The British Parliament and Foreign Policy in the 20th Century : Towards Increasing Parliamentarisation?
Ihalainen, P., & Matikainen, S. (2016). The British Parliament and Foreign Policy in the 20th Century : Towards Increasing Parliamentarisation?. Parliamentary History, 35 (1), 1-14. doi:10.1111/1750-0206.12180
Julkaistu sarjassaParliamentary History
© The Parliamentary History Yearbook Trust 2016. This is a final draft version of an article whose final and definitive form has been published by Wiley. Published in this repository with the kind permission of the publisher.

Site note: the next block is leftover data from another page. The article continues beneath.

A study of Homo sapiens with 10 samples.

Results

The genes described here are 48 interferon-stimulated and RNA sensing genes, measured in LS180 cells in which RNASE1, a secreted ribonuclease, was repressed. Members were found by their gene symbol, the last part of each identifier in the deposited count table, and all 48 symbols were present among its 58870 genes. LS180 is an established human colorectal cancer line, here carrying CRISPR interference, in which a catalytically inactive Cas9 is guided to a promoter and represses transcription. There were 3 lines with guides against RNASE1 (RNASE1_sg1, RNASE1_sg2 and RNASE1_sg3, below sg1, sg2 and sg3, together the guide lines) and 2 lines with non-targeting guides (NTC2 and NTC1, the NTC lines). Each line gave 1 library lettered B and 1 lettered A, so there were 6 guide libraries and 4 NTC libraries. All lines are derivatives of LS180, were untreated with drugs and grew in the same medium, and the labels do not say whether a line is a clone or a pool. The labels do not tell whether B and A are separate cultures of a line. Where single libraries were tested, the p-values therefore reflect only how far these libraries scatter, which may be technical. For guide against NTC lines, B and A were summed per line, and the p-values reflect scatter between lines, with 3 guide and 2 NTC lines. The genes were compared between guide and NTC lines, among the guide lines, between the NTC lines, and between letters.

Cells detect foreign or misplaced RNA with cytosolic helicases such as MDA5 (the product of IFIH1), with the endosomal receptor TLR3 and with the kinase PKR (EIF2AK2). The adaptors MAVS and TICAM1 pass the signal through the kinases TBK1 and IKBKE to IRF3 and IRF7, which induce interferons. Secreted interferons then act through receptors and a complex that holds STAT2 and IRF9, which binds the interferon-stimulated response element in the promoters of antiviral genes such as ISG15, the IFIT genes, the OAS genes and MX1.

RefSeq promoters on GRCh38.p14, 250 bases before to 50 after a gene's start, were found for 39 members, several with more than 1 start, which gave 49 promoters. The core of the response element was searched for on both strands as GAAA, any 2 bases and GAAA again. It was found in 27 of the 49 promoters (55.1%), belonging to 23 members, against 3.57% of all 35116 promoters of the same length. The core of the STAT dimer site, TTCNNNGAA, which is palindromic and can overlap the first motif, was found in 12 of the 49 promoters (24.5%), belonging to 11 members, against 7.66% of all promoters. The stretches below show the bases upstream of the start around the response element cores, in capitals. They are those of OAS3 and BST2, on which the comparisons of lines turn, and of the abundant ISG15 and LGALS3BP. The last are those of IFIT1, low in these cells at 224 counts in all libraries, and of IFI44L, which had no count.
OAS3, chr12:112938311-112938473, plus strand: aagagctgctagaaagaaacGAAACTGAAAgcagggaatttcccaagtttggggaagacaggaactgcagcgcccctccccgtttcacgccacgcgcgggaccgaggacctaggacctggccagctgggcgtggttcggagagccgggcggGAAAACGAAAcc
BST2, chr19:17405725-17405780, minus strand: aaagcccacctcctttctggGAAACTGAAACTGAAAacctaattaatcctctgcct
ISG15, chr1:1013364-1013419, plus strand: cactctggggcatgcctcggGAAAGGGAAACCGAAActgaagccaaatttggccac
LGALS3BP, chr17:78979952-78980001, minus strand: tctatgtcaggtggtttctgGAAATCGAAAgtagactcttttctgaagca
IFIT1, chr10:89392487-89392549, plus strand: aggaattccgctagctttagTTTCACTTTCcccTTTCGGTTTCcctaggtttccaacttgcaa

This article demonstrates the complexity of the foreign policy involvement of the British parliament during the 20th century. Parliamentary government as such provides some procedural means for involvement in foreign policy debate, in Britain as well as in other countries. Researchers have, nevertheless, often argued that parliaments play a limited role in foreign policy. Approaching our topic by combining the analysis of policy documents with more discourse-oriented analysis of parliamentary debates, we argue that noticeable, but not straightforward, parliamentarisation of foreign policy took place in the course of the 20th century. The aftermath of the First World War led to reconsiderations of the degree of parliamentary supervision of foreign policy. The emergence of international organisations, and, recently, European integration, have also complicated parliamentary participation in foreign affairs. The parliamentary oversight of foreign policy is no longer limited to the national level, which has, in the British case, led to calls to reinforce the sovereignty of the national parliament. On the domestic level, parliamentary debates on foreign policy need to be contextualised with extra-parliamentary public discourse. The relation of parliament to civil society at large, especially non-governmental organisations and the media, has created multi-sited debates, further strengthening democratic control of foreign policy.